By TLF Research

Ask most people about market research and one of the first things that they will think of is focus groups. Not necessarily with great associations – focus groups are linked in many people's minds with New Labour spin-doctoring and failed product launches. This perception has been so damaging that some recoil at the very mention of them, which is a bit unfair.

We're going to take a brief look at focus groups and the rest of the contents of the qualitative research toolbox, focusing on the benefits they can bring you when they're used properly.

What is it?

Qualitative research doesn't necessarily entail any particular technique, although it does tend to suit some more than others. Most often you would meet it in the form of focus groups (discussion groups) or face to face depth interviews. More rarified forms of qualitative research, such as ethnography, are rarely seen outside of the academic world.

What makes a piece of research qualitative rather than quantitative is the fact that it is focused on understandingrather than measurement. It's useful when we need to understand something in greater detail, or probe into motivations or attitudes.

What is it good for?

Qualitative research is hopeless if you want to know how many people do something or think something, or if you want to measure something like customer satisfaction. It's useful if you need to understand how people see something or if you want them to explain how they feel.

Exploration Before any satisfaction measurement survey (customer or employee), or indeed most surveys, it's good practice to use a phase of qualitative research in order to find out how the people whose views you're interested in see the topic that you're researching. This helps to ensure that the survey provides you with an accurate measure. Otherwise there is a danger that the questions may miss a key aspect of the topic as seen by respondents.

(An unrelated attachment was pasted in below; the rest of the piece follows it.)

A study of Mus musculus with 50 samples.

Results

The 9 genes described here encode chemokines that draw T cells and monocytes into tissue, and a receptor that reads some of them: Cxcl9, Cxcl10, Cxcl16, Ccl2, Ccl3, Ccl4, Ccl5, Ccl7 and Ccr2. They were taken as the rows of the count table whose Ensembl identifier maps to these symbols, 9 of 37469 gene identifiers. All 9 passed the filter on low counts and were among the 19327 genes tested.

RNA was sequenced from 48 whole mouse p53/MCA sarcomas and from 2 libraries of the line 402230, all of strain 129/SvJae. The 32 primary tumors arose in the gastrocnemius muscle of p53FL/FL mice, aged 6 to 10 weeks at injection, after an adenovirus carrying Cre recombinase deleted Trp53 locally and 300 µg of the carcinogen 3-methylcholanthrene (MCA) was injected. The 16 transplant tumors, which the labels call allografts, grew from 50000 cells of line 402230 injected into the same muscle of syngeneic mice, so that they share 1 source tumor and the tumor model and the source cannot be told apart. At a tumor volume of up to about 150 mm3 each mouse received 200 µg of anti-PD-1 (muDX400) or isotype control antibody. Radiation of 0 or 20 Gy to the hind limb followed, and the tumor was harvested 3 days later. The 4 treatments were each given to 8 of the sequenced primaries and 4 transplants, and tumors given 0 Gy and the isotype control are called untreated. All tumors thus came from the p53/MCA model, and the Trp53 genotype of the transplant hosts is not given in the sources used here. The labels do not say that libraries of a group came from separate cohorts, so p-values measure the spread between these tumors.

Explanation Quantitative surveys are great at telling you what people think in terms of mean scores and percentages, but they're not so good at telling you why. Probing certain answers can add an element of qualitative insight into a large-scale survey, but sometimes the best way forward is to conduct some research specifically to uncover the reasons for a low score. This can be invaluable in helping an organisation to understand its stakeholders and gain ideas for improvement.


One of the features of qualitative research is that sample sizes can be very small. It's important to make sure that a range of views are represented, but often no more than 4 groups of around 8 people each will be perfectly sufficient. With depth interviews as few as 12 participants are often used.

The reason is twofold. We don't need larger sample sizes because we're not trying to achieve a statistically representative sample as with a survey. It's also because larger sample sizes would be unmanageable – qualitative research produces much more data from each individual participant, and is notoriously time-consuming to analyse properly.


So how do you analyse it? There are as many answers to that as there are qualitative researchers. By analogy to quantitative research, you're often looking to find a typical view backed up by an understanding of the range of views. It's also common to look for common themes and patterns of response. This analysis can be backed up by various models such as “grounded theory” which make explicit use of qualitative data to generate a theory about how the world works.


Qualitative research can often seem rather airy-fairy by comparison with the visible statistical reliability of a quantitative survey, but it does have its own systems for ensuring trustworthy findings. One approach is to involve several individuals, working independently, in the analysis. If they all reach the same conclusions then it's likely that the findings are coming from the data rather than the researcher's head. Triangulation is another key concept, meaning that multiple streams of evidence are all pointing in the same direction. But the most fundamental rule with qualitative data is that you make the data available as well as your analysis, so that the audience can check your conclusions for themselves.